William Maloney is a professor of politics and head of school at the department of geography, politics, and sociology at Newcastle University. Professor Maloney has held various research and teaching posts at the Universities of Aberdeen and Strathclyde. Before joining Politics at Newcastle he was Reader in Politics in the Department of Politics and International Relations, University of Aberdeen. His research interests include organized interests politics, social capital, political participation, and the professionalization of civil society organizations.
Newcastle University upon Tyne, United Kingdom
Newcastle University is one of the UKs leading universities; it attracts over 18,000 students from more than 100 different countries, is committed to excellence in research, teaching and learning and to playing a leading role in the economic, social and cultural development of the North East of England. It is a member of The Russell Group which represents 24 leading UK universities. The Politics Unit is situated within the School of Geography, Politics and Sociology and has an international reputation for research excellence. In the most recent Research Assessment Exercise, Newcastle Politics was rated 12th in the UK in the “world-leading” outputs category (the highest grade of excellence). Newcastle Politics was included in the Excellence Group of political science departments in Europe. Newcastle is a Civic University that sees itself as delivering benefits to individuals, organisations and to society as a whole, and as a civic institution it has three major Societal Challenge research themes: Aging, Sustainability and Social Renewal.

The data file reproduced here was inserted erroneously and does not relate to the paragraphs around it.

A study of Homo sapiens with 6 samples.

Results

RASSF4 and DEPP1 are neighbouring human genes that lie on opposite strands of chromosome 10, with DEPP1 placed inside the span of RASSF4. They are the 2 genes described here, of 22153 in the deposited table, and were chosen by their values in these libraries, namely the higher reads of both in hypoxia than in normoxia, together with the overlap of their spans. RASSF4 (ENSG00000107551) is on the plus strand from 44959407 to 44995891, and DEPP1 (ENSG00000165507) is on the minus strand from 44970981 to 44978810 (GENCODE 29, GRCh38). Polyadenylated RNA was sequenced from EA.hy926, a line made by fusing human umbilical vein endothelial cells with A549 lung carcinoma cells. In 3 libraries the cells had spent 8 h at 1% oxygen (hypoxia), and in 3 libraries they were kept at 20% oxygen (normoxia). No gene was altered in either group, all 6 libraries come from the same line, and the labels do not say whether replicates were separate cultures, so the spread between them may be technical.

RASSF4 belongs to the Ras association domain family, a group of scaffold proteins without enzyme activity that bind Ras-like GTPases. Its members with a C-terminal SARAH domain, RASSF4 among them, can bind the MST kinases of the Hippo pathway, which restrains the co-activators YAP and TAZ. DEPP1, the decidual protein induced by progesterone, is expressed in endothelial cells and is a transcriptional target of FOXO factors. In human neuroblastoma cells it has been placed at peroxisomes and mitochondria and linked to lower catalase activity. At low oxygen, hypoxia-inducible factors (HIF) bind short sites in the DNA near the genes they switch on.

Emily Rainsford is a Research Associate in the Politics Department at Newcastle University. Before joining CUPESSE, Emily completed her MSc (2010) and PhD (2014) in Politics at Southampton University and her BA in Politics and Philosophy (2009) at Sheffield University. During her PhD Emily was involved in various research projects, gaining both qualitative and quantitative data collection experience, such as the Caught in the Act: Contextualising Contestation project surveying demonstrators. She also took time out from her PhD to do policy related work taking up an ESRC funded internship in the Cabinet Office Mutuals Team and to contribute to an EU funded project on Active Citizenship policies in the EU. Her research interests include political attitudes and behaviour, and especially exploring these from a youth perspective and how these play out in different institutional settings.